Tonight, the Jewish community will begin Shabbat (the Sabbath) by reflecting upon the themes in Eikev (Deuteronomy 7:12-11:25; Isaiah 49:14-51:3) which contains the final words of wisdom from Moses to the Children of Israel, including: “Perhaps you will say in your heart: these nations are greater than I (…) do not fear them, but remember what the Lord did (…) you shall not be terrified (…) nor your heart lifted up and you forget the Lord (…) Who brought you out of the land of Ancient Egypt, from the house of slavery, Who led you through that great and awesome wilderness.” (7:17-8:15)
Traditional rabbinic commentary understands the wilderness to be not only a historic experience and a geographic location, but also a state of mind: it is all too easy to let fear or ego control us… to feel overwhelmed. They taught that we are no different than the Children of Israel who compared themselves to the other nations, and found themselves lacking- we too may feel like we are wandering in a desert that feels great and awesome and terrifying… We give power to others, and perceive the outside world to be “awesome” and we forget where our deepest Power dwells. When we allow the outside world to define us, to become more powerful a voice than the “still, small Voice” deep within, then we become enslaved to a reality that can never save us. But, when we remember that we are not in that wilderness alone… rather, we are being led through there by a Force that will guide us and support us in difficult moments, no less than we were fed by manna in the desert so long ago… then we can let go of the fear and begin to trust…
This biblical passage also speaks about the dangers of idolatry: “the carvings of their gods shall you burn with fire: you shall not desire the silver or gold that is on them, or take it to you, lest you be ensnared with it (…) neither shall you bring an abomination into your house, lest you become accursed like it.” The deeper meaning is a reminder not to bring the external inside: not to let the physical world become more powerful than that of the heart and spirit. When we look at others, see their external reality, such as wealth, possessions or the appearance of success, and compare this to our inner lives, replete with doubts and regrets, too often we find ourselves lacking. Contemporary research warns that this phenomenon can be seen in the rising rates of depression and low-self-esteem that come from watching other people’s social media, and believing that their smiling postings and hundreds of likes somehow reflects a reality that is greater and “more awesome” than our own experience of wilderness and desert. Furthermore, frequent checking and posting to social media sites can lead to increased rates of social alienation, depression and anxiety. Traditional Jews observe Shabbat (the Sabbath) and holidays by disconnecting with electricity. What would happen if we, 21st century creatures, took a whole day a week to disconnect from social media… or if we were to observe that practice on our own personal “holy days”… those times that matter the most… get-togethers with family and friends?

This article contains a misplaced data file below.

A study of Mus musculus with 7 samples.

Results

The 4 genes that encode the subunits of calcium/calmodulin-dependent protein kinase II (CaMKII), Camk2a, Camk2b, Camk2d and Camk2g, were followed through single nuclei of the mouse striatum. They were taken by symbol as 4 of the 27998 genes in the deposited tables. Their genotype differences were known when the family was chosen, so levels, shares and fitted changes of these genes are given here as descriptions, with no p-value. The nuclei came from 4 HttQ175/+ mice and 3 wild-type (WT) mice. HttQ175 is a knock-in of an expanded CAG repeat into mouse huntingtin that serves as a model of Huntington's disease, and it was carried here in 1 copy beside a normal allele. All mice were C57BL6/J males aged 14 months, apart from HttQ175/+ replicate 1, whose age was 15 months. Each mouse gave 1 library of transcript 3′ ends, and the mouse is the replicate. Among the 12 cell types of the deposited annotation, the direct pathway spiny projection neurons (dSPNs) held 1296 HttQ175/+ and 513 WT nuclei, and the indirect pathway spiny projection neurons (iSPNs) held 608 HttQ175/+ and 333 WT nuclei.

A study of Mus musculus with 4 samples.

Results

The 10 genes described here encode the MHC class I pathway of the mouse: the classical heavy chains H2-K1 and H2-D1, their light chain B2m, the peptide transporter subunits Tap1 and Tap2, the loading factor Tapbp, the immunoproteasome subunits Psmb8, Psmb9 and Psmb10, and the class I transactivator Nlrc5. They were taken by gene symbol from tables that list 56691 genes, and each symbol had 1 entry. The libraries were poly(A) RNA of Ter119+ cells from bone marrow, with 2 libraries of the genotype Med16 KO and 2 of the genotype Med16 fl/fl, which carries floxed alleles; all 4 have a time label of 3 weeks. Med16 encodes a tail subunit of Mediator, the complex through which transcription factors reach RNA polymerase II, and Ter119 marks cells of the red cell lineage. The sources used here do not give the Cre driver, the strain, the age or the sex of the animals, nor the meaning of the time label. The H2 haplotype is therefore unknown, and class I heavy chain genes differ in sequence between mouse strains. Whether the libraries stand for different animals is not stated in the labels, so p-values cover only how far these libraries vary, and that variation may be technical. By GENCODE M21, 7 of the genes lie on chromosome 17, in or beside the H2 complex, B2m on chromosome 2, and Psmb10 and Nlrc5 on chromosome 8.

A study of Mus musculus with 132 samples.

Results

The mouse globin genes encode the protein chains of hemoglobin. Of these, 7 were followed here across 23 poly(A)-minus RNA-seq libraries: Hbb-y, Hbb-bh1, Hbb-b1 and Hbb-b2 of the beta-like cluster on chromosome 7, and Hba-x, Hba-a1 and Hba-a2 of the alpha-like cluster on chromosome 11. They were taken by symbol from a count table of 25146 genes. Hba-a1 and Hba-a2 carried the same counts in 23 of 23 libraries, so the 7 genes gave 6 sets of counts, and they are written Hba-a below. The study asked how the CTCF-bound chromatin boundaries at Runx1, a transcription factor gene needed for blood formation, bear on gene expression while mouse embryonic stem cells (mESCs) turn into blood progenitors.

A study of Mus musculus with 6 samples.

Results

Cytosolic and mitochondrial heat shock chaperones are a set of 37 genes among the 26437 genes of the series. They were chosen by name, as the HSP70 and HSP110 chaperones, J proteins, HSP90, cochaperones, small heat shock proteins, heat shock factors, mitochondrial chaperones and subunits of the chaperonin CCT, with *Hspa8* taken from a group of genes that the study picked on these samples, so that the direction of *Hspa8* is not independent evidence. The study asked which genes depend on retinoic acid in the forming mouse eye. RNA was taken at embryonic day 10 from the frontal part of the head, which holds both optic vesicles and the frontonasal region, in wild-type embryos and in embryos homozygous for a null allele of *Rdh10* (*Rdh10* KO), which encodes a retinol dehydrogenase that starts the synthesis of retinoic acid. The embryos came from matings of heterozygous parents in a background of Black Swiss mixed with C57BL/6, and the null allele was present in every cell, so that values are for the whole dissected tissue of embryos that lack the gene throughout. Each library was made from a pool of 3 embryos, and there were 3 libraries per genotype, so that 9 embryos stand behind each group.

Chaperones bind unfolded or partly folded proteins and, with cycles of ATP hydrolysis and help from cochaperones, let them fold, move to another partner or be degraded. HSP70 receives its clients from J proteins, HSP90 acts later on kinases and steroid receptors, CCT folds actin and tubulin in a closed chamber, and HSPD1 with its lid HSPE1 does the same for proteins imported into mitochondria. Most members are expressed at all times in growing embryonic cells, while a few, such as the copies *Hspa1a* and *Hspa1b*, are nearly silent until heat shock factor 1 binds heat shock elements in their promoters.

Regardless of our religious beliefs, we don’t have to look far to think about how fear of what others will think impacts us. The danger is when we do or say something because we think we are supposed to, and not because it is true- this can lead to a feeling of disingenuousness and cognitive dissonance that can leave us feeling worse about ourselves. Our organizational core value of “integrity” is a reminder that we should always “do the right thing, in the right way, for the right reason”- we wash our hands before entering a patient room, regardless of whether anyone is watching. We follow our rules and protocols, regardless of whether Joint Commission is visiting our hospital. Yet, do we translate this way of living into our own lives? Do we say things or do things because we think we are supposed to do so? Do we put ourselves down, or fear that others will think less of us if they know “the real me”?
This coming week, let us take time to stop, and make space to listen to the “still, small voice” deep within… Let us let go of the fear of what others will think of us… let us let go of anxiety… let us relinquish control of the ego… May we disconnect from all that we do not experience as life-giving, and instead, refuel by turning inward… May we reconnect to our deepest Power, and may this help us to live with integrity, contentment and peace. May we be more fully ourselves… and connect more fully and authentically with others… and may this experience of connection and intimacy affirm for us our true worth. May we be blessed as we bless one another with the most precious of gifts… the gift of self/Self.